We need to tax more; we aren’t a poor Country- Prof Akec

By Bida Elly David

The Vice Chancellor of the University of Juba and an economist has called on the government to impose more taxes on businesses as a mechanism to boost the country’s economy saying that South Sudan is not a poor country.

The intellectual manifested this statement following the consistent recession of the country’s economy as a result of the low gross domestic product GDP calculated from the national income position.

Foreign and domestic merchants over the past months have been triggered and passively influenced by imposition of tariff duties levied into their enterprises by different tax agencies both from the State and the national level.

Traders have raised concerns over the unsystematic scheme of tax collection by the authorities leaving their businesses to undergo serious losses. They called on national and the State government to be cautious on the team selected to go for market inspection since in some advance countries, payment of taxes with the city has been digitalized to avoid misappropriation and pilferage of all kinds.

In a statement extended to No.1 Citizen Daily Newspaper yesterday, Professor John Akec, the VC of the University of Juba reiterated that the revenues collected by the authority through taxes and custom duties can enabled them to facilitate services to the citizens.

He said that government ought to increase collection of taxes in order to create more jobs and pave other opportunities for the people across the country.

Prof. Akec pointed out that through improvement of taxes, the Country would be able to use the revenues gathered to invest in education thus creating more chances of development and inspirational transformation of all the government sectors which would be aspirational to young people and the business community at large.

“We are not a poor Country, we only need to tax more, create jobs opportunities for our youth and invest in education thus we shall transform the nation into a better environment of learning to our generation” he said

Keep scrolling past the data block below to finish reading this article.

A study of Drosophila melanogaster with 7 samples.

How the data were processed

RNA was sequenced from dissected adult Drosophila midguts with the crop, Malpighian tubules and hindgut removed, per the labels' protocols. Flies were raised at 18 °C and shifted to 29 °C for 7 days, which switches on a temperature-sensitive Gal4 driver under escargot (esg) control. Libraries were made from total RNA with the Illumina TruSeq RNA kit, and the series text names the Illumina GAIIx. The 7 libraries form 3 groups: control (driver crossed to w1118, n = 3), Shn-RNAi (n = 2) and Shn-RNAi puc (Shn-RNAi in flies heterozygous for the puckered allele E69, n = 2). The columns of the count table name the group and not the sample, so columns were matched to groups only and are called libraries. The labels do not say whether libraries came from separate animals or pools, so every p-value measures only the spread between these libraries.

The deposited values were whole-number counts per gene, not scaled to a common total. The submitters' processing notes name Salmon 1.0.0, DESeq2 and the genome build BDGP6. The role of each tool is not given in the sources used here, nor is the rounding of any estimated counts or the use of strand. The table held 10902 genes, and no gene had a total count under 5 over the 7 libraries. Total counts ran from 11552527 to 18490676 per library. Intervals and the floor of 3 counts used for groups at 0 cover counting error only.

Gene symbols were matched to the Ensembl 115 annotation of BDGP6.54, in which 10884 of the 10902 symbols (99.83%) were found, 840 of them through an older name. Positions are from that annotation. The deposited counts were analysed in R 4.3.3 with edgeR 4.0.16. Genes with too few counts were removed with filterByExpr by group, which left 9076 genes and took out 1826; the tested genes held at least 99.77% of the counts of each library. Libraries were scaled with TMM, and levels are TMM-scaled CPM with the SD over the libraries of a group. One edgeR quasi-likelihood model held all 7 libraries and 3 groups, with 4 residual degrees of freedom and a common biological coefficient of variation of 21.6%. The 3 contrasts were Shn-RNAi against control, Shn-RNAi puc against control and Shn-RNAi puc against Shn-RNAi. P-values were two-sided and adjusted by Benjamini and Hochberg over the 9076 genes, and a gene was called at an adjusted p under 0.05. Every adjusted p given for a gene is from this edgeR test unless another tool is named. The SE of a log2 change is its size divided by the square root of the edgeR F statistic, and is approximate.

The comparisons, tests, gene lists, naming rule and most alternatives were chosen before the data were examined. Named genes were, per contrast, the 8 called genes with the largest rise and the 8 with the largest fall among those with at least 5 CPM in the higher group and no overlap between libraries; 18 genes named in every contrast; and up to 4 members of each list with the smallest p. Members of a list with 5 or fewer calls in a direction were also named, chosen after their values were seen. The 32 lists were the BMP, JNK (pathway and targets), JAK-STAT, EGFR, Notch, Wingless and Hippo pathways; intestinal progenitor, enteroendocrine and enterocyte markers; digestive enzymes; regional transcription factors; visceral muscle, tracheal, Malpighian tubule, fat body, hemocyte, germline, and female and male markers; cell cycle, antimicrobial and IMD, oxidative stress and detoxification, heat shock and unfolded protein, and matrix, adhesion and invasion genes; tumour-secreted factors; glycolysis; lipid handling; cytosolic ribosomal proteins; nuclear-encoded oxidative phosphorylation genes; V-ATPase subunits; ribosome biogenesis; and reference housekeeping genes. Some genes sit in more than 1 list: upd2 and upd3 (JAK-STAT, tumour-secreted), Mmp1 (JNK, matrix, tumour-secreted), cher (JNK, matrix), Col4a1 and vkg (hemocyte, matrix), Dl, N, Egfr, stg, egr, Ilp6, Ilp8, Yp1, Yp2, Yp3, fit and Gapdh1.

At the same juncture, he has called on the authority of Juba City Council to seek help from the school of engineering science of the University on waste management.

“My humble advice to the Juba City Council is that University of Juba’s schools of engineering and that of Architecture and urban planning can help the council in solving waste management, drainage and traffic congestion” he said 

Speaking to No.1 Citizen Daily Newspaper yesterday, Pitiya Andrew, an economist and a business man in a reply to Akech’s statement said that an institution can be collecting taxes from people while citizens don’t realize the outcome.

He said that a booming economy can only be defined if all citizens benefit fully from the services of their own democratic government.

“How can a government involve in tax collection while citizens don’t see where the collected revenues go to. It does not make any sense when citizens contribute for the government expecting good services in return but nothing has materialized. Any revenue gathered without citizens benefiting is non-profitable and void” he said

He further stressed that most businesses across the Country have gone under recess due to poor programing by the tax agencies.

“The government is not clear with the setup of the levies on people. The people sent to the field go like battalion of soldiers heading for war carrying fake receipts for issuance. Unless the system is programmed, citizens will not benefit from their collections,’’ he echoed.